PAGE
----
New Office Economy Putting GreaterDemands on Schools, Researcher Says
Schools need to do better at teaching "soft skills" such as responsibility and communications if students are to succeed in the changing U.S. economy, says the co-author of a study on job trends released last week.
In today's work world, those skills are as important as cognitive skills, said Anthony P. Carnevale, the vice president for public leadership for the Educational Testing Service. Mr. Carnevale wrote "Education for What? The New Office Economy" with Stephen J. Rose, a senior economist at the Princeton, N.J., nonprofit testing company.
"We still haven't figured out how to teach those [soft] skills, and we certainly haven't figured out how to assess them," Mr. Carnevale said in an interview last week. That area of instruction is "the frontier" for educators, he said.
The study by Mr. Carnevale and Mr. Rose found that factory jobs made up just 19 percent of all U.S. jobs in 1995, down from 34 percent in 1959.
The percentage of office jobs, meanwhile, rose from 31 percent to 41 percent.
As of 1995, office workers also held 65 percent of the nation's managerial and professional jobs. Those workers include middle managers, insurance agents, real estate brokers, executive secretaries, editors, lobbyists, and economists.
The shift from an industrial economy to an office economy means that many jobs now place an emphasis on problem-solving, creativity, and flexibility, Mr. Carnevale said. Communications and interpersonal skills become important because the office economy stresses customer service and relations.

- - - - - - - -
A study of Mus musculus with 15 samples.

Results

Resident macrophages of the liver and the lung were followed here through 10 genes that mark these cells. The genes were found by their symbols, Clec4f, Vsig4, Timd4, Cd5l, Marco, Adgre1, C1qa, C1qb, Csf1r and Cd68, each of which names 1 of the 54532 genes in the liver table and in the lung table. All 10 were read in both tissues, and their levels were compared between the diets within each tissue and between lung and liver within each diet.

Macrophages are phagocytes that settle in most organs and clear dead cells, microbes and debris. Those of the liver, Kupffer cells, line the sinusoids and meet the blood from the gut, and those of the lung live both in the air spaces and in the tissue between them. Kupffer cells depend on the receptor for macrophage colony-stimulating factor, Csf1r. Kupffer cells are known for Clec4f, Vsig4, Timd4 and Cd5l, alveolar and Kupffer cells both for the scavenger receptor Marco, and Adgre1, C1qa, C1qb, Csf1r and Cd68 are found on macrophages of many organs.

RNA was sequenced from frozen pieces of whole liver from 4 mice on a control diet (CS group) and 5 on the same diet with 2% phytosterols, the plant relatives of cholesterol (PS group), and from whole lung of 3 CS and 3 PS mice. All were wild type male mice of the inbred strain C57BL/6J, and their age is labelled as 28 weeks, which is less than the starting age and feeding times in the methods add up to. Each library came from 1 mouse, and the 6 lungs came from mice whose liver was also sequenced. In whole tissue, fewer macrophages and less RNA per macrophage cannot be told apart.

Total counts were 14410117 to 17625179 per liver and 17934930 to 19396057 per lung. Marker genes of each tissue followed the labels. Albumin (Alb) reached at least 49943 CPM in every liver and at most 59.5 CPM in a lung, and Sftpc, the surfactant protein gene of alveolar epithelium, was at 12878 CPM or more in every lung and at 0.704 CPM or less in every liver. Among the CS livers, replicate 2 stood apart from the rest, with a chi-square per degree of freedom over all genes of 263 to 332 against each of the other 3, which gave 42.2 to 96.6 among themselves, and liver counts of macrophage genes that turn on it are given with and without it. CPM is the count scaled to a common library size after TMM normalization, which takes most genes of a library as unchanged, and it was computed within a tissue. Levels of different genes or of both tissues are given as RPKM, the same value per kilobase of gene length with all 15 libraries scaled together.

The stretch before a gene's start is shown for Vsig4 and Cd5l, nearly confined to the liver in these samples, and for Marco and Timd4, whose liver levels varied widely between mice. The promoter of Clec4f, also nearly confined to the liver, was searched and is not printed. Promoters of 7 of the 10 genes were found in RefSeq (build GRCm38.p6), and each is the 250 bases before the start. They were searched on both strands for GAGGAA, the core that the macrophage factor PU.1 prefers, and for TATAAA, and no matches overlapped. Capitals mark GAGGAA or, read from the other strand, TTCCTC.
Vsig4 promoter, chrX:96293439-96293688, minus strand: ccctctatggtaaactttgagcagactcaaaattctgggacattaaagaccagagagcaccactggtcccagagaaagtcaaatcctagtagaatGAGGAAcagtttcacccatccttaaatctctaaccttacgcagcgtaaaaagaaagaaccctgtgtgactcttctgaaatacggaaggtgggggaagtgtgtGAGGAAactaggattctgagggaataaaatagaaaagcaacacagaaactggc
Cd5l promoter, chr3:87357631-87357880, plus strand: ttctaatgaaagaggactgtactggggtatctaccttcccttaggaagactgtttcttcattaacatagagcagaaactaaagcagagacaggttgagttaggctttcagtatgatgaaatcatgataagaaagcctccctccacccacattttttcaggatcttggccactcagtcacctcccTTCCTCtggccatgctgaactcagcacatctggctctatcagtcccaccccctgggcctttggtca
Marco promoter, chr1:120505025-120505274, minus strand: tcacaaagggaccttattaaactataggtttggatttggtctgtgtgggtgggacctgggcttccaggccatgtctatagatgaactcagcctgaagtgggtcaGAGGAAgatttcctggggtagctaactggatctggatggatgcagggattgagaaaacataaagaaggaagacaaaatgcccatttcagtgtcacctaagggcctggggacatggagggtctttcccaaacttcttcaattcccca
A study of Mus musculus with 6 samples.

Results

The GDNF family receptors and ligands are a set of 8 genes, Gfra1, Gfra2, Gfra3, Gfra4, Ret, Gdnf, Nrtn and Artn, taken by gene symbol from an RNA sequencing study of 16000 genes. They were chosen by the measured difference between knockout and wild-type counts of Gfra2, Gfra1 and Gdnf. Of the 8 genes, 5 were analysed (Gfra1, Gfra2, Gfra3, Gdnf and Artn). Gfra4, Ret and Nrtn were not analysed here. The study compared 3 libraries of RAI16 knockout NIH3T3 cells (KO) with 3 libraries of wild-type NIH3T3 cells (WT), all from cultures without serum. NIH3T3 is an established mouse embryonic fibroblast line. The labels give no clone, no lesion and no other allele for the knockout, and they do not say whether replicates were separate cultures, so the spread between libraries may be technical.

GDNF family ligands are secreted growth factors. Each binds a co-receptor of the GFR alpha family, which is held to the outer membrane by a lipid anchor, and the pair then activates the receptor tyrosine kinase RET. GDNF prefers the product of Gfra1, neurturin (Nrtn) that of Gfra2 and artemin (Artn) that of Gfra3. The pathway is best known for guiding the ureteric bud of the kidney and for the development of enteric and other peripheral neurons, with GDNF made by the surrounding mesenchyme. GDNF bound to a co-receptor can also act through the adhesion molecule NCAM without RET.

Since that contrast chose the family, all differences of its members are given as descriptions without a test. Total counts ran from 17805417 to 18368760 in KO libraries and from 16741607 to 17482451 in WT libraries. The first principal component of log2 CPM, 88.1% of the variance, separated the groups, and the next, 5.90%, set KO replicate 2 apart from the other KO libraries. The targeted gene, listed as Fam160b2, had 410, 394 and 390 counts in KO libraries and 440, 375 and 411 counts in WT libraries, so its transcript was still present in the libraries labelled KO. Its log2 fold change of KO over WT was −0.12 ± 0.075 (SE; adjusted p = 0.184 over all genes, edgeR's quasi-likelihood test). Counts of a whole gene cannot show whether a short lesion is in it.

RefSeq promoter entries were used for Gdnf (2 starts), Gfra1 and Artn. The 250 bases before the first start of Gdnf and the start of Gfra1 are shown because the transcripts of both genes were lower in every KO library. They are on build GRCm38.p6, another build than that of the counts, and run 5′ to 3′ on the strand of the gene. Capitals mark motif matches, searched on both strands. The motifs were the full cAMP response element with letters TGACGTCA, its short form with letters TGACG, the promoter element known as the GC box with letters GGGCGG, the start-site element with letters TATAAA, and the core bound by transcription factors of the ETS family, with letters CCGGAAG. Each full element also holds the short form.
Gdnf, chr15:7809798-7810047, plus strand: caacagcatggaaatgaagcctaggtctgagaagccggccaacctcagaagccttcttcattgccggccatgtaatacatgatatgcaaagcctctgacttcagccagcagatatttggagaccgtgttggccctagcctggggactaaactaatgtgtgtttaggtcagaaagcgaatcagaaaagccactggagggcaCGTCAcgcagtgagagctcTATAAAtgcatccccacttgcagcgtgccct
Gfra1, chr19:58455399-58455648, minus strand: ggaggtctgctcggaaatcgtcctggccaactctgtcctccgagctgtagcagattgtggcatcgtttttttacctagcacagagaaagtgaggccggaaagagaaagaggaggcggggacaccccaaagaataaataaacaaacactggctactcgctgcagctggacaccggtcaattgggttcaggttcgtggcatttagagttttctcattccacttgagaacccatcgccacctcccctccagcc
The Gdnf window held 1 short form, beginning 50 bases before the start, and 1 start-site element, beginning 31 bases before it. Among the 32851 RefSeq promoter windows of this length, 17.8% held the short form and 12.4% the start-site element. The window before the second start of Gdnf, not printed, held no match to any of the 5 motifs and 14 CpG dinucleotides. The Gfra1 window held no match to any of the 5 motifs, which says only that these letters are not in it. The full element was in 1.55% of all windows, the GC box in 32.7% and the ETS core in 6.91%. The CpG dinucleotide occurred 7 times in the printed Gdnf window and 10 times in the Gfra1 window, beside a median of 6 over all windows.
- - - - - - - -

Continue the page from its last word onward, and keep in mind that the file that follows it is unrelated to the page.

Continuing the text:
Mr. Carnevale said his study also shows that schools shouldn't go overboard in preparing students for high-tech jobs.
"We don't want to turn everyone into a technician," he said. "While those are good jobs, there are only so many of them. The much greater set of opportunities are in these office jobs."
One expert on the economy and public education questioned whether the ETS study provided any revelations.
"This report is not such new news," said Frank Levy, a professor of urban economics at the Massachusetts Institute of Technology, who co-wrote a book titled Teaching the New Basic Skills in 1996.
Over the past 15 years, the wages of male college graduates have been holding steady, and the wages of male high school graduates have fallen, Mr. Levy said. The obvious question, he said, has been "Where are these college graduates going?" The obvious answer has been into well-paying jobs in the service sector, he said.
Mr. Levy said that schools have a good grasp of the kind of skills students need, but that they don't seem to understand how important those skills are.
Schools "have been slow to realize how much [more] of those skills you need to earn $15 an hour than you did 15 or 20 years ago," Mr. Levy said.
For a free copy of the report, call the ETS at (609) 734-5050.